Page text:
REGINA — A lawyer for a Regina refinery in a labour dispute says a court-ordered injunction is the only relief against what it calls serious misconduct by the union on the picket lines.
Eileen Libby says pickets with Unifor Local 594 have been blockading access to the Co-op refinery complex and intimidating contractors, suppliers and employees.
More than 700 refinery workers were locked out Dec. 5 after Unifor issued a strike notice in a dispute in which pensions are a key issue.
Last week, a judge put some restrictions on the union’s picketing until a full injunction hearing could be heard.
Libby argued in court today that union blockades have impeded the delivery of safety equipment and chemicals to the refinery, and have raised concerns about the ability of emergency vehicles to get through.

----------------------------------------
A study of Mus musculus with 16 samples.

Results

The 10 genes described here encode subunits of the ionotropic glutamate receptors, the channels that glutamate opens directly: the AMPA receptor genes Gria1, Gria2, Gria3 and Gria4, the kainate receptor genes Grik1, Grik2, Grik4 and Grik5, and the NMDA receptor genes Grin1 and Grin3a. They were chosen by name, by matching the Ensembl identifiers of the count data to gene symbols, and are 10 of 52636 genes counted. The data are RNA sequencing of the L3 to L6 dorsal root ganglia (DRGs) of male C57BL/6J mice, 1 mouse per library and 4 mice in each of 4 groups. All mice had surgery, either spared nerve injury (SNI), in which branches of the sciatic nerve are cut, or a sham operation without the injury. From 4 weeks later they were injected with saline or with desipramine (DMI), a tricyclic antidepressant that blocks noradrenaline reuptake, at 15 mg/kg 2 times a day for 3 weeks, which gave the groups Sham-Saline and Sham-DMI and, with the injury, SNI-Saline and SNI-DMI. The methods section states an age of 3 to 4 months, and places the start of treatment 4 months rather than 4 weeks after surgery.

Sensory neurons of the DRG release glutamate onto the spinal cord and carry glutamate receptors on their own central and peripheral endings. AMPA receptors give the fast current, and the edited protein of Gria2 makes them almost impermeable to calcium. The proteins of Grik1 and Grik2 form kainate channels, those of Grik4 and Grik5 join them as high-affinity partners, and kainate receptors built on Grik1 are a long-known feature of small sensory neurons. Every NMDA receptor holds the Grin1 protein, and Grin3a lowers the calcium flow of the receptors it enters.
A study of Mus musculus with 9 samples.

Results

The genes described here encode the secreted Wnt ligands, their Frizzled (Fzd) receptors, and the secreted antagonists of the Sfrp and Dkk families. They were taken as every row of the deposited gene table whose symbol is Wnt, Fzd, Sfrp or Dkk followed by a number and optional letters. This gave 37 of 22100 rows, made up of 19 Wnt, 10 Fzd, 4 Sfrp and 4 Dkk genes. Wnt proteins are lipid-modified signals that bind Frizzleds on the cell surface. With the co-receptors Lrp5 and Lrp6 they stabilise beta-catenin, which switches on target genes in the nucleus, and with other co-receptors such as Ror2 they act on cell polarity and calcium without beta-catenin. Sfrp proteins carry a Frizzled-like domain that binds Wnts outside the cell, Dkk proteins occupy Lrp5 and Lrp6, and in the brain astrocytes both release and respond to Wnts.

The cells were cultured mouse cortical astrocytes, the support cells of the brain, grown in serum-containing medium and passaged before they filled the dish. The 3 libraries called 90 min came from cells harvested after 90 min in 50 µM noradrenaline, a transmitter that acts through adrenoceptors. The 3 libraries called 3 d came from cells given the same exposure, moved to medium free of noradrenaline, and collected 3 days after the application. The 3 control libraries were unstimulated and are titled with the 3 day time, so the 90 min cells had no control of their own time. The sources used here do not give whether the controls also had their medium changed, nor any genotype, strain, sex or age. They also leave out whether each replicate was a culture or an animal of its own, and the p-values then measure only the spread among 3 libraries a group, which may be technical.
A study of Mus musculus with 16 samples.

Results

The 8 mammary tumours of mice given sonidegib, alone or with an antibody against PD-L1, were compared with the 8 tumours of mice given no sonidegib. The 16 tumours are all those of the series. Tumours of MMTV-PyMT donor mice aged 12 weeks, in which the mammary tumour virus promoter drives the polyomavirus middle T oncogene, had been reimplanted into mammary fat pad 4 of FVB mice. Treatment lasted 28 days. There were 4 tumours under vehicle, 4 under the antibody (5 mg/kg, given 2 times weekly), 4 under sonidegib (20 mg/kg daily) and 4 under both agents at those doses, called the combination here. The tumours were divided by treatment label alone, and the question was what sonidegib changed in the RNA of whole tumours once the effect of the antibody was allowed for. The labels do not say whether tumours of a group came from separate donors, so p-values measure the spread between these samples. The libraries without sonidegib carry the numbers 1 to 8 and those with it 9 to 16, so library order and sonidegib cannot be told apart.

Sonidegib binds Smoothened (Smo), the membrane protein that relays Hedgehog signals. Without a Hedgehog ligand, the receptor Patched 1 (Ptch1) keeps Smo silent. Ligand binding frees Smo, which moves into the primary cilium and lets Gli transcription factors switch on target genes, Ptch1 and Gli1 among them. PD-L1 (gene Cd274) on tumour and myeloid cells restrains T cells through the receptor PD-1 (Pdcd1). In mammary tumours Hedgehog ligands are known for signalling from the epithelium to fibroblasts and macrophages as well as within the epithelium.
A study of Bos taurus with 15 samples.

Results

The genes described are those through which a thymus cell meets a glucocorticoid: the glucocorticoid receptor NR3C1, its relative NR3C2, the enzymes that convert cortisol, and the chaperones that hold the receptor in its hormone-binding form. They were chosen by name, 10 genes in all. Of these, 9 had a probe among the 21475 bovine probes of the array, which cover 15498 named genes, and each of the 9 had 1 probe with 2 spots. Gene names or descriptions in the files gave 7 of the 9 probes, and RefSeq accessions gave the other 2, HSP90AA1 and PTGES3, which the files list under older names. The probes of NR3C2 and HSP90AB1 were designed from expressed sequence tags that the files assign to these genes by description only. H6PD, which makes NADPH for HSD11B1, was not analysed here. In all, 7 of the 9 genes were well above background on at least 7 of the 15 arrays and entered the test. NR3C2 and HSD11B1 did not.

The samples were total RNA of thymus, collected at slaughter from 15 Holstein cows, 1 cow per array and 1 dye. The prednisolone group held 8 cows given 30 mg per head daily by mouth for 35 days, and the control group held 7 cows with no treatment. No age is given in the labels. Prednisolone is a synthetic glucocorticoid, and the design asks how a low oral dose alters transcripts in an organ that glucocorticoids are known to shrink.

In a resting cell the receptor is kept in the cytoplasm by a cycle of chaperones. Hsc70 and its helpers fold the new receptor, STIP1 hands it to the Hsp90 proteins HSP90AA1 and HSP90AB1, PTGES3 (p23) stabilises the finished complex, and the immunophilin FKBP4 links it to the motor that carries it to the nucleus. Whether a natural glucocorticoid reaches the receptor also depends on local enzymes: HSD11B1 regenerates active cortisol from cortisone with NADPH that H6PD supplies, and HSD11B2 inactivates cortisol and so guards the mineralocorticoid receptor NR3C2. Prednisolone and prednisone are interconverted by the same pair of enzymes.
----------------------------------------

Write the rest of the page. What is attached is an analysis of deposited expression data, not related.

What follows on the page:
Court also heard that pickets have been blocking tanker trucks from exiting and entering the site for many hours.
Libby alleged union members have been hurling insults and harassing replacements workers and vehicle passengers.
As a result of the union blockades, Co-op brought in helicopters to transport staff and goods across picket lines, which was an expensive choice, she said.
Unifor is calling for a national boycott of the facility’s owner, Federated Co-operatives Ltd., made up of more than 190 independent retail co-operatives in Western Canada, operating food stores, gas bars, convenience stores and home centres.
The workers’ last contract expired in February. The union declared an impasse in contract negotiations in September, which led to the appointment of a mediator.